Part one, section 7

Wide Sargasso Sea pages 16 - 19: Mason stopping by the huts ... Antoinette getting dressed

Synopsis of part one, section 7

The atmosphere of impending danger intensifies. Mr Mason ignores warnings from Annette and Aunt Cora about their situation. He prefers his own English opinions, although he has far less experience of West Indian culture than they do. Antoinette's feelings towards Mason are ambiguous. She knows that he has rescued the family from poverty but she cannot feel affection for him.

The house and garden feel threatening to Antoinette instead of safe and familiar. However, that evening she sees nothing and hears only the sound of the bamboos rustling in a breeze and noises akin to whispering. She is woken in the night by her mother who tells her to get up quickly, before she rouses Pierre next door.

Commentary on part one, section 7

  • The huts that were once slave quarters are now empty.
  • When she mentions being righteous, Antoinette is referring to Jesus' teaching in the New Testament about how people will face the judgement of God when they die Matthew 13:47-50. Her belief that she will be saved makes her feel secure, but according to Godfrey the Cosways will not be entering heaven.
  • Annette corrects Mason's European assumptions about marriage in slave culture. In fact, neither of them realise that the black people are preparing an attack on the house.
  • Mason is amused because Antoinette has slipped into the patois term for papa or daddy. Slaves in Jamaica often called their master ‘big Pappy' but it was not a respectful term. Mason is not sufficiently knowledgeable about their culture to recognise this.East Indian Coolies in Trinidad
  • Like other planters, Mason is intending to contract labourers from India to work on his estate. The word coolie is of Asian origin and means a hired labourer.
  • Mason is making assumptions about the ex-slaves already in the islands and their capacity to work.
  • Aunt Cora is quoting from Shakespeare's King Lear (Act 4. sc 1, l. 36-7: ‘As flies to wanton boys are we to th' Gods') when she say that children can be cruel.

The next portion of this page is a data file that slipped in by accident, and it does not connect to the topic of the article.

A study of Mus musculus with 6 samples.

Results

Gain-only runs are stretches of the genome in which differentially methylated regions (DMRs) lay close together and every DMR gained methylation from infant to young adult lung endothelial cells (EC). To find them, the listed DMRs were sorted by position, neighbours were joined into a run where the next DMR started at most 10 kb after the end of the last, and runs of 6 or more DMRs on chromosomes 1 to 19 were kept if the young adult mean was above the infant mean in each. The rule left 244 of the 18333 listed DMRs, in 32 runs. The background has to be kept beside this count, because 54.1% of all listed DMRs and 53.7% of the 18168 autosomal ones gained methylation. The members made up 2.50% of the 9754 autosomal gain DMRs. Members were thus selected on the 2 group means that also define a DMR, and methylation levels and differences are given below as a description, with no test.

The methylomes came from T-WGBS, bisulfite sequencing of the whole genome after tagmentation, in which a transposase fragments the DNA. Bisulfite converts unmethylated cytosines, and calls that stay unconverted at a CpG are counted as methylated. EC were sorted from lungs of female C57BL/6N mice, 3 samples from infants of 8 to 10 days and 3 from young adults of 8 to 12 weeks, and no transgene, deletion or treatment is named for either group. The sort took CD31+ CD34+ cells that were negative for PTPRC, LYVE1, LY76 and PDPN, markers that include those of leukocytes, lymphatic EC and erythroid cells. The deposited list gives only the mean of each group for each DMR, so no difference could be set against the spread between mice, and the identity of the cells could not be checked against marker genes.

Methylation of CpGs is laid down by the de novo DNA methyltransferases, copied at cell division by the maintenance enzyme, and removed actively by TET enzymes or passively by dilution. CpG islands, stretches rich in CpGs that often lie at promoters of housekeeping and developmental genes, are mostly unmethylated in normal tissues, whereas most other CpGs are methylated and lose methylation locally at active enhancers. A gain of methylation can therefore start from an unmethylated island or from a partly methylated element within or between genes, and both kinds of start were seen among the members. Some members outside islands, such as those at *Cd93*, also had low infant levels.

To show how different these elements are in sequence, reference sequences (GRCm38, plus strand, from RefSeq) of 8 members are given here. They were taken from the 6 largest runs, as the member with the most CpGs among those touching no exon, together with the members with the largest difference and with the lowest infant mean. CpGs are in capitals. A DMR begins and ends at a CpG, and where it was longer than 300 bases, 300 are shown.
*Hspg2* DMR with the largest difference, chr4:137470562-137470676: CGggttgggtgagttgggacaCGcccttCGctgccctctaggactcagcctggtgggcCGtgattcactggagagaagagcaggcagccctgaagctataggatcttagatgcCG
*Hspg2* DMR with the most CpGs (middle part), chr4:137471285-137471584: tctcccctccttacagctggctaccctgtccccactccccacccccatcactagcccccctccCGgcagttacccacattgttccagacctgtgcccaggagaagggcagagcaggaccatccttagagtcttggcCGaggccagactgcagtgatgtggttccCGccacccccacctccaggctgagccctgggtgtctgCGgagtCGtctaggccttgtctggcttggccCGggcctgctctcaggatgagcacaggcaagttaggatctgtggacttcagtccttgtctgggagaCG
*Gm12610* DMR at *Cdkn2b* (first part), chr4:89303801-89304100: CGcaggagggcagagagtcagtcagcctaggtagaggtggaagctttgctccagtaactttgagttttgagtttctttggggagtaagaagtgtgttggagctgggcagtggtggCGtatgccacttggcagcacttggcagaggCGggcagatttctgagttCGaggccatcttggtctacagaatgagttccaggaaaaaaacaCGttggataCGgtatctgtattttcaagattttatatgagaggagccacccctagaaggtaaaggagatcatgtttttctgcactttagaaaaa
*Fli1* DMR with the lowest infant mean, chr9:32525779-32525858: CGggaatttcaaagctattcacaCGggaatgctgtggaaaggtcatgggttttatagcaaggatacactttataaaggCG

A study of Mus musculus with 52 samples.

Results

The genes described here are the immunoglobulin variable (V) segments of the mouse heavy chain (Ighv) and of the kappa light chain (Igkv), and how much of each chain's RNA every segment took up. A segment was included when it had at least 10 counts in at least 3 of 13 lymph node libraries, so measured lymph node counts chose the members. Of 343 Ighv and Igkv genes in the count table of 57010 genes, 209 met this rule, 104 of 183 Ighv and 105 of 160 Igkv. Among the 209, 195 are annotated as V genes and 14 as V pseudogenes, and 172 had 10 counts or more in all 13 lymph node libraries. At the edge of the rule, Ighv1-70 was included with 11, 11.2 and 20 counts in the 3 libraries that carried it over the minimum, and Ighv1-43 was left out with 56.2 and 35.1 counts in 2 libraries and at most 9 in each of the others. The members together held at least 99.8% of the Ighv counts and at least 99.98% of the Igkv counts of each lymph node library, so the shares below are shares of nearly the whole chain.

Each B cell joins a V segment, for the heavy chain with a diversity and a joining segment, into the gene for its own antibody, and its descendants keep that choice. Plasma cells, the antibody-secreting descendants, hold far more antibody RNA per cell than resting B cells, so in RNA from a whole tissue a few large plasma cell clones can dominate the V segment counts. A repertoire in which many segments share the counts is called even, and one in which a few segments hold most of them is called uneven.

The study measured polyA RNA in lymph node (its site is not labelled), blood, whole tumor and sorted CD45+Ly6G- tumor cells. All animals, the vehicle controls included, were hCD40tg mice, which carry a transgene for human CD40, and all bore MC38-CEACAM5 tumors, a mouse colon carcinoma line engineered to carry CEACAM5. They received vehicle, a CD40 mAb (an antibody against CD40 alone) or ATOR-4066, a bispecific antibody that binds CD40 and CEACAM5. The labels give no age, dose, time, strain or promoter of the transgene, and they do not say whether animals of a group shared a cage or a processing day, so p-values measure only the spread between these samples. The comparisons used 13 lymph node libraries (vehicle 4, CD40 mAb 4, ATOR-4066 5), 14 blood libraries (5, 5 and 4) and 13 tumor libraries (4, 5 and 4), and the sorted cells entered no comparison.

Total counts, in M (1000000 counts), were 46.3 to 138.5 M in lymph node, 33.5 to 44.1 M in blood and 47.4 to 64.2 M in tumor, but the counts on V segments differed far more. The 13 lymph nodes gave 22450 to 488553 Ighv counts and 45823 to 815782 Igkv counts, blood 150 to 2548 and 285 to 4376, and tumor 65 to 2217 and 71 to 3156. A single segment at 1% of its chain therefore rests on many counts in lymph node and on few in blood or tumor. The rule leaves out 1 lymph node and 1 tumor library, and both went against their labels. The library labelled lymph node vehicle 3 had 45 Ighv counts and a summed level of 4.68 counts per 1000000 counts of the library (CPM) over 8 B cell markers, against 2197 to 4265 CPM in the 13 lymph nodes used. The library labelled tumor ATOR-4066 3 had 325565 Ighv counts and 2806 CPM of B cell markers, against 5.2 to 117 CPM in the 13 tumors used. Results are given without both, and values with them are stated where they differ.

• Myra, like Godfrey, is a non-conformist. The word sect means a religious group. Many sects developed the belief that only their adherents would be judged as righteous by God.
  • Roses are flowers popular with English gardeners and it suggests that the garden at Coulibri conforms to English taste in its planting.
  • There is a poem by Tennyson called The Miller's Daughter, published in 1832, which some critics believe is represented in Antoinette's picture. Alfred, Lord Tennyson was a very popular English poet throughout the nineteenth century. He was Poet Laureate from 1850 to his death in 1892. By his death his works were widely available in school editions and often illustrated. It may be that Jean Rhys remembered such a picture from her own childhood on Dominica. Antoinette has it on her wall in the 1830s which suggests (perhaps a bit implausibly) that Coulibri is up to date with English writing of the day.
  • A child's bed with sides to stop the infant falling out is often referred to as a crib.
  • A wooden roof tile is known as a shingle.

Investigating part one, section 7

  • Consider how tension is built up at the beginning of the section. Look at:
    • The descriptions of the landscape
    • What happens in it
    • The dialogue
  • Mr Mason has introduced English customs to Coulibri
    • What is Antoinette's attitude towards them?
  • What do you think is the significance of the picture ‘The Miller's Daughter'?
    • Can you see any connection with Antoinette's troubled sense of cultural identity?
  • Re-read the final paragraphs once Antoinette has been woken up. Her account fragments into short phrases and then into memories.
    • How does this prepare us for the dramatic events to follow?